The Internet of How

Partner
New York
Mark Breneman

Once a “browser in a box” experience, the internet now thrives and expands as a mesh of interconnected products and services: smart thermostats, home security solutions, self-driving cars, fitness trackers and many others. With an expected 50 billion connected objects and a market size of $1.7 trillion by 2020, this fairly new and ever expanding collection of products and services is commonly referred to as the Internet of Things (IoT).

In the coming years, IoT will deeply affect current product and service offerings and help create entirely new business models. Responding to this development, Smart Design has devised The Internet of How, a series of articles that provide a vision of this phenomenon from a design perspective, breaking down considerations on user experience, partnerships and piloting for organizations willing to step into the IoT universe.

Understanding the current context

Three key factors set the stage for organizations to embrace IoT and inform their innovation strategy:

  1. Growth of Networking Infrastructure – IoT devices now rely largely on existing infrastructure built for mobile connectivity. This reduces the need for large scale investment when compared to other emergent industries, such as electric vehicles.
  2. Diminishing Hardware Costs – The price of essential hardware components are rapidly decreasing, with some categories such as MEMS (Microelectromechanical systems), dropping 70% in the past 5 years.
  3. Increased Consumer Acceptance – IoT consumer market share continues to grow as cultural barriers and technological skepticism give way to meaningful value propositions, seamless user experiences, and lower costs.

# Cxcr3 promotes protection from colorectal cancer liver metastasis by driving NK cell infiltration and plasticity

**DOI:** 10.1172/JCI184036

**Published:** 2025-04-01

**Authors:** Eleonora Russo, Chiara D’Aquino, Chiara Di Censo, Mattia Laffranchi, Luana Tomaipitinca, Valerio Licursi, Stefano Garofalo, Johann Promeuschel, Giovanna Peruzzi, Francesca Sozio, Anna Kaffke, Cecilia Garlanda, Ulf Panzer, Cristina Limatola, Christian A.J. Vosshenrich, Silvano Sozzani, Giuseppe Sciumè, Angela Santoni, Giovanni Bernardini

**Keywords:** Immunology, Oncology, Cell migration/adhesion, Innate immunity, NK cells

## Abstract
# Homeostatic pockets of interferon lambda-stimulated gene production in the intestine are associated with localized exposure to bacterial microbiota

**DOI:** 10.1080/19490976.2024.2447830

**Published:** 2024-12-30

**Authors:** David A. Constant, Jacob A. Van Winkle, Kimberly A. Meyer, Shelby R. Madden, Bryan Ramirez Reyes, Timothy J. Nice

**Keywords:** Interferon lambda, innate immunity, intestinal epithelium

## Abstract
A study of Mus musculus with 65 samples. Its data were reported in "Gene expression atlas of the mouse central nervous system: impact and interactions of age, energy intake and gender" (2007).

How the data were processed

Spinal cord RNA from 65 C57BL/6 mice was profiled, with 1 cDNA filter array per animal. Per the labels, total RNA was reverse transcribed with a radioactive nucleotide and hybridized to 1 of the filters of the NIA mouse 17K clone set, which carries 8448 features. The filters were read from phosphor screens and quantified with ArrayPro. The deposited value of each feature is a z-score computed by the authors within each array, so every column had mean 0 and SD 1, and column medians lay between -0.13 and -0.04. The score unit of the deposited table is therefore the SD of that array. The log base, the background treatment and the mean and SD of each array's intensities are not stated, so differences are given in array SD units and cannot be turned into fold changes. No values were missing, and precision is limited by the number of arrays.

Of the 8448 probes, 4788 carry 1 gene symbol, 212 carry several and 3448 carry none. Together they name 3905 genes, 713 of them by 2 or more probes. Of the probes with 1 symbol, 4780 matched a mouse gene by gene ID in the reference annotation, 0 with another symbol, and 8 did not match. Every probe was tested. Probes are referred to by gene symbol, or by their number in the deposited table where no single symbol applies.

With these new opportunities emerge new challenges. How can organizations take part of this environment now and leverage IoT into their short and long term innovation strategy?

Providing Meaning to End Users

A critical first step is focusing on meaningful benefits to end users, which in turn provides meaningful and sustainable value. Often in the world of IoT, new products and services end up as novelty successes with very short term or niche value. These are missed opportunities to develop richer services, which could grow and scale over time. We challenge organizations to consider all areas of consumer value, with 5 building blocks we’ve curated to develop IoT products and services: Efficiency, Peace of Mind, Knowledge, Personalization and Joy.

Recognizing the Need to Partner

A second, equally important consideration: how much of the product/service solution should your organization own? Developing an impactful IoT service or product requires multidisciplinary teams and new internal capabilities, which are only as strong as their collaboration together. New internal capabilities are critical for organizations building innovation initiatives. A well thought out partnership strategy can ensure delivering success on time and budget at a much faster rate.

Piloting as a Learning Tool

Launching is the last consideration when developing an IoT product. These products require a quick iterative approach both in hardware and software. The tensions between hardware’s waterfall development process and software’s agile process can be challenging to combine.  It’s important to pilot your product in iterations amongst a small user base. By piloting a refined prototype with a small user group, you can make key strategic changes to both hardware and software prior to making larger manufacturing and infrastructure investments necessary to launching a product.

Pathway to success

IoT presents plenty of opportunities for organizations to extend and enhance their current offerings. The organizations that take advantage of this current IoT moment and spearhead evolution will reap the rewards of greater brand awareness and significant advantage over their competition.